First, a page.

Total cost of ownership

Channel Master DVR+ Tablo Simple.TV 2 TiVo Roamio TiVo Roamio OTA
Hardware $250 $220 $200 $170 $50
Accessories $145 $105 $105 $50 $50
Subscription fees $0 $150 (lifetime) $150 (lifetime) $500 (lifetime) $15/mo
3-year cost $395 $475 $455 $720 $640
4-year cost $395 $475 $455 $720 $820


Without a user interface of its own, the Simple.TV relies on users going to the company's website to set it up. I prefer this approach because doing so with a remote control on a TV screen is the worst part of installing any connected home theater gadget.

After creating a user account, the simple wizard walks you through connecting the hard drive, antenna and Ethernet cables. After this is done it will scan through the available channels, and despite having dozens available in my local area it only took a few minutes to find them all.


The Roku app consists of a series of side-scrolling tiles Ty Pendlebury/CNET

While there are a number of different apps available for use with the Simple.TV there isn't much of a unified look to them.

The Android and iOS apps feature a drab grey interface, but are the best of the lot. Ty Pendlebury/CNET

The Windows 8 app is the most "out there" with a spare, almost iOS 7 appearance. It's also the most unreliable, frequently crashing on our test AMD desktop as well as experiencing lip-sync issues on a Dell Inspiron 11 3000 Windows 8 hybrid.

The Roku app hasn't changed much since Simple.TV first launched and consists of a series of tiles pointing to the different sections such as Live TV. It's not the easiest interface to use, especially when you have to cycle through one tile at a time to get to the live show you want to watch.

The iOS and Android apps are definitely the easiest to use. The main view consists of two main options: "Live TV" and "My Recordings." Pressing Live TV takes you to a grey program guide and clicking on a show brings up a synopsis plus two buttons, "More Episodes" and "Record Series." The Play button itself is located on the thumbnail of the show and can be easily missed.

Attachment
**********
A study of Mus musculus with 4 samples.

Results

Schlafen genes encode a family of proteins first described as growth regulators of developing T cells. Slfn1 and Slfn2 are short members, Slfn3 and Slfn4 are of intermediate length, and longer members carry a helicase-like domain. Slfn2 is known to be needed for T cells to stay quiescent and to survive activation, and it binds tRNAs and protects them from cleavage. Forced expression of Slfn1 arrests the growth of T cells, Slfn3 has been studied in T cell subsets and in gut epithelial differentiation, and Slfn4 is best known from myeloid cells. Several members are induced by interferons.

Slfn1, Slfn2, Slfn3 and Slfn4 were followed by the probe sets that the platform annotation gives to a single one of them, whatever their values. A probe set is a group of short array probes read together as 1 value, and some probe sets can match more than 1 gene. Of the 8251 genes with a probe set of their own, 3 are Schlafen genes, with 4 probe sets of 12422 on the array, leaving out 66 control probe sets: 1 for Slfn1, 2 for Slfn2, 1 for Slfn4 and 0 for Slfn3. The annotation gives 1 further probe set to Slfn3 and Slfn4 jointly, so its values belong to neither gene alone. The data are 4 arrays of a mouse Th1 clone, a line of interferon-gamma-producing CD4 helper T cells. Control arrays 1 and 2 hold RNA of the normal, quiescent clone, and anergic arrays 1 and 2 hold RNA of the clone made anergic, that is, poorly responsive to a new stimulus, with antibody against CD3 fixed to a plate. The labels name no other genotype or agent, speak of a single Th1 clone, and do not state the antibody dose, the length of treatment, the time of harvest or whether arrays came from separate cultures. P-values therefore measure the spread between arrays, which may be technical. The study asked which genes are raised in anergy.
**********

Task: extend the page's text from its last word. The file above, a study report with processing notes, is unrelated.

The Web app is relatively straightforward except for one major quirk: you can't watch live TV from the guide, only record. You need to go to the home page and choose from the channel list. This is unlike most of the other interfaces which allow recording and live TV watching from the guide.

The Web interface is easy to navigate and uncluttered. Screenshot by Ty Pendlebury/CNET


If you've used devices like the Slingbox previously then you'll know what to expect from the Simple.TV as far as picture quality is concerned. It's perfectly acceptable for tablets and phones but at sizes larger than a laptop screen the side effects of web compression become more obvious.

Compared to the TiVo Roamio OTA , the Simple.TV had a more compressed image on daytime HD TV with aliasing on diagonal edges and compression artifacts in large blocks of color. These Simple.TV problems are very noticeable on a large screen, though when streaming over the Internet to a tablet they are not.

I didn't compare the Nuyyo Tablo directly to the Simple.TV 2 for this review, but the Tablo's highest picture quality setting was superb in our review : "Tablo's image quality is, for the most part, on par with HD from a cable or satellite company." I can't say the same for Simple.TV 2.

While two people can watch live TV at once on different devices, if a third person joins a strange error messages can pop up on two of the three screens: "there is no storage device connected to the Simple TV." It would have been preferable for something specific like "both tuners are in use".

Streaming to a mobile phone was a little spotty even with a good 802.11n wireless signal. If you live in an apartment building like myself, you should try using a 5Ghz connection (if you have a compatible router) or better still via Ethernet.

The sharing and archiving features worked as advertised, though make sure you have a healthy upload speed before giving all of your friends access to your "MasterChef" library.


While its features are innovative and fun, the Simple.TV 2 isn't the best cord-cutting DVR on the market. The TiVo and Channel Master can beat it for image quality and convenience, especially if you're one of the 50 per cent who would buy a Simple.TV to watch on a TV. Meanwhile the Tablo also offers better image quality, if fewer features at the moment.

Simple.TV 2's best use-case would be if you have a household of tablet users who want to watch different programming at the same time. In general use, it's pretty straightforward and setting up recordings is fairly easy. It's also one of the cheapest in the long run. If you're looking for a DVR which can both stream to portable devices and to your TV, and don't want to invest in TiVo (and its Stream attachment), Simple.TV is a versatile and feature-rich choice.